Depression Marathon Blog


Sunday, October 2, 2016

20 Miles

It was kind of a big week around here. Seven days ago I ran my first race in 23 months, 7 days, and it went well. I was thrilled to be back racing. I was happy with the result. And I was grateful to do it without re-injuring my Achilles. It was a long, long time coming. I'm so glad I was able to persevere.

On Thursday, I jumped out of an airplane from 13,000 feet, and fell through the air at 125 miles per hour for 60 seconds, before floating back to earth. The experience was more amazing than I can put into words. It was everything I had hoped for and so much more!

I've wanted to skydive since I was 7 years old. It was a bucket list item, but I can honestly say I haven't completely crossed it off the list. I will definitely do it again! And if I can swing it, I plan to go through the training to jump on my own. I did add a link to the video of my jump at the end of my previous post. I've watched it, and re-lived the experience, about 50 times myself. I rarely give advice here, but if you've ever considered jumping, just do it! You won't regret it.

My seven day stretch of big events ended today with a 20 mile training run. It was my first 20-miler in 2 years. It wasn't one of my best. It was, actually, really hard. I even considered cutting it short at 10.5 miles. I worked a lot of hours this week, including almost 9 yesterday, and I think my legs were tired. Nevertheless, I pulled out my perseverance card and played it. I kept going.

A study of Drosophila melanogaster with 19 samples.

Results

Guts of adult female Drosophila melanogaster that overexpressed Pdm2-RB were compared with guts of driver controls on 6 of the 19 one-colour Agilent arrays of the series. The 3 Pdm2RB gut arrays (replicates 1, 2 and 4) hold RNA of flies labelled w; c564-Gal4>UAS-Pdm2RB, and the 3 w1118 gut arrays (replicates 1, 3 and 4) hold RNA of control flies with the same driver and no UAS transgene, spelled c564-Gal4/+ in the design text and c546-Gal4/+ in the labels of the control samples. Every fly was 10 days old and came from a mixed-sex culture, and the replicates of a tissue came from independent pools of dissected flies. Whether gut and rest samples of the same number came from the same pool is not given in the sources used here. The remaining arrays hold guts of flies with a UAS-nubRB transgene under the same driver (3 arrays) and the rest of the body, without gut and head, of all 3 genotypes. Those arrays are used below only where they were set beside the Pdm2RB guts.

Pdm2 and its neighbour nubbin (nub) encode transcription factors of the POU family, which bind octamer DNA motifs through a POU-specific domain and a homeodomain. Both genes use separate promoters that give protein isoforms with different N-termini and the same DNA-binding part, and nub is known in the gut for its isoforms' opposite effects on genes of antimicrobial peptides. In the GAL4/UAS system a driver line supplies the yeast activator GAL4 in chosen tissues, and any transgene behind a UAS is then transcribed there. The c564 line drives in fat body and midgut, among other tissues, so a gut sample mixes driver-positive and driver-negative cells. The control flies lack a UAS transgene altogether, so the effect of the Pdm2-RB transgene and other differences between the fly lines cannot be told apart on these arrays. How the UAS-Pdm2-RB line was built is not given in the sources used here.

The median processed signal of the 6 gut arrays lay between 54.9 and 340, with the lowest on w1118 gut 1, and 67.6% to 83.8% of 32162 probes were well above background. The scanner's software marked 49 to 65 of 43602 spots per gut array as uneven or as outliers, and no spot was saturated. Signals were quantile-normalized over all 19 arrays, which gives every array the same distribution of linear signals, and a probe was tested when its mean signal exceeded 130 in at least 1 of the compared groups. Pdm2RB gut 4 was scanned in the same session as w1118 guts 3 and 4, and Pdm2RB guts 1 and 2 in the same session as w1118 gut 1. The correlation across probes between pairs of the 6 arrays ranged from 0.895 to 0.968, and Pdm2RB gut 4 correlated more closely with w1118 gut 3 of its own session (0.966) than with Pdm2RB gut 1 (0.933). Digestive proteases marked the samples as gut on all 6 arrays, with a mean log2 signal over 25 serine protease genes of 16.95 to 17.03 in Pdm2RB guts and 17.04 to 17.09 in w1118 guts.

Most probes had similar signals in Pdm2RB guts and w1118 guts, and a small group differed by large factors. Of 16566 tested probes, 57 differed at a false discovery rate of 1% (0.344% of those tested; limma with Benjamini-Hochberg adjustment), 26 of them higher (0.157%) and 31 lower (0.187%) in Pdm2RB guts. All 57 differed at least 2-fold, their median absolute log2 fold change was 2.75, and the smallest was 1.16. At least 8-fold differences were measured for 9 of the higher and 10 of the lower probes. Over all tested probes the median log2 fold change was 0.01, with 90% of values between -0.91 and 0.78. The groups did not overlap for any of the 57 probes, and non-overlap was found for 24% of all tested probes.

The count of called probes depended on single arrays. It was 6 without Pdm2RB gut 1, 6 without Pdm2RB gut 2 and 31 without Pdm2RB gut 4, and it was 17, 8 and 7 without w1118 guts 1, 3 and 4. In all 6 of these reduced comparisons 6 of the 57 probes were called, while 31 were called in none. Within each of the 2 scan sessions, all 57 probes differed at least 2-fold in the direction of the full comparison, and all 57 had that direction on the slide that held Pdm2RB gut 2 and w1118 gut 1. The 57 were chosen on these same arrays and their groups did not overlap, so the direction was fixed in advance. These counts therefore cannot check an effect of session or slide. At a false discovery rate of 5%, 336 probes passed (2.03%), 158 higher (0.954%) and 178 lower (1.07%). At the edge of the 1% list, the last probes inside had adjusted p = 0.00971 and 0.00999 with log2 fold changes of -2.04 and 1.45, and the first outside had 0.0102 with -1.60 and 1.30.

It took me almost 3 hours and 40 minutes to get back home, including about 8 pit stops or water stops for both Jet and I, but my actual running time was only 3 hours, which is 9 minutes per mile, so I'm satisfied. I'm glad I continued running even though it wasn't easy.

Life, like running, isn't always easy. Don't we all know that? As simplistic as that sounds, I do think my experiences hanging tough in training help me hang tough when faced with life's challenges, too, whether the challenges come from my work, my health, my finances or my illness.

Speaking of my illness, my mood has improved significantly. The med changes we made a couple of weeks ago have certainly made a difference. Racing, jumping out of an airplane, and running 20 miles probably helped a bit, too. It was kind of a big, successful week around here. And I had fun. How cool is that? Carry on, my friends.

1 comment:

Anonymous said...

I am glad it's working out for you. I hope it sustains.